As a programmer, I have the tendency to break things down from an engineering perspective. It’s a compulsion. Hearing a concept compels me to turn it into a specification in my head.
Specifications can be fundamentally flawed. Theoretical design can be useful, but the sooner you can start building an application the sooner you will find how it actually works in the wild. By creating the specification first, you may find yourself feeling obligated to adjust your frontend to work with the backend you’ve already designed. This is a bad idea. Things never work exactly as you expect. You want to quickly find the errors in your design.
An example from a project of my own: there was an area in our application where the user was creating start-to-finish timed sessions, with timed “breaks” during the session that the users could record. From the eye-in-the-sky perspective, it made sense to store these breaks as a start time and end time.
But by starting with the interface, I realized that entering breaks was a cumbersome process. It caused us to reevaluate it and realize that a simple number of minutes on break during the session was all that was really necessary, not groups of start and stop times. By catching it early on, we avoided the backend work that would have been scrapped in the end.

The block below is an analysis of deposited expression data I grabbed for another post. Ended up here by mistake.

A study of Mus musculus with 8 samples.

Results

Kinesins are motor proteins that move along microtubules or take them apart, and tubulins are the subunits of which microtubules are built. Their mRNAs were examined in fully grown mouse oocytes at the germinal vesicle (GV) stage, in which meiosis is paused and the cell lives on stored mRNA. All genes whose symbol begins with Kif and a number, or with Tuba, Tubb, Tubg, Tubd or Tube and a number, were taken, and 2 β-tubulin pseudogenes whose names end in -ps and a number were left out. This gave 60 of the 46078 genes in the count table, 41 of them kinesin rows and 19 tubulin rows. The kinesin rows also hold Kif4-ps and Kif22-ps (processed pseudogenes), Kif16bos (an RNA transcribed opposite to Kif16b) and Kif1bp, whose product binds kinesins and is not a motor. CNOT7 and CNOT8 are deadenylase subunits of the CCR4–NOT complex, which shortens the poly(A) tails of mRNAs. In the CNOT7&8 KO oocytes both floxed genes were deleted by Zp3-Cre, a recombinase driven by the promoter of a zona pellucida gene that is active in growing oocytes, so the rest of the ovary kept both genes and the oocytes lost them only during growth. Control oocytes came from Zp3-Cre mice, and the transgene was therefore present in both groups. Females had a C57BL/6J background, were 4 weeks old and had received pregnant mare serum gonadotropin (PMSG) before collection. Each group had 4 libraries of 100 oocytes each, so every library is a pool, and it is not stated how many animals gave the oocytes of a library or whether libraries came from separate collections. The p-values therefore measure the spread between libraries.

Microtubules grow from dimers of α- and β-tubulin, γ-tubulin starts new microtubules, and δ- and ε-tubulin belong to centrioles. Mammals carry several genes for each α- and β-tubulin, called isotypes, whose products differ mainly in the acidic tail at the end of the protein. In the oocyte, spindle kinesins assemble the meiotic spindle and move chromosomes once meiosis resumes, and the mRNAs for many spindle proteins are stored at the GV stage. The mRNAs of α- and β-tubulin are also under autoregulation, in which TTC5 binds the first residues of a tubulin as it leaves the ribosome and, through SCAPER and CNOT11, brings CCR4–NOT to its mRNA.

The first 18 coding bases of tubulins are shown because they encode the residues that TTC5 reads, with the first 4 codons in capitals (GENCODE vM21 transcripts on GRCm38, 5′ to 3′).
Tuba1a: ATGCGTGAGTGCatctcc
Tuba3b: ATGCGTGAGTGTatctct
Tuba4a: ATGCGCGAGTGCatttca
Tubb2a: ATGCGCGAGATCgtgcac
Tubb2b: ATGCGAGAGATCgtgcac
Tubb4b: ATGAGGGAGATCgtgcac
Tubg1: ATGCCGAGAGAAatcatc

Interaction with the product is the most important to a user. If you can keep this in mind during your development your product will benefit tremendously from it. The user doesn’t care how your backend is designed, as long as it works for them. Your product should be designed around the frontend. It’s the responsibility of the development team to make sure the backend performs as needed to support the interface.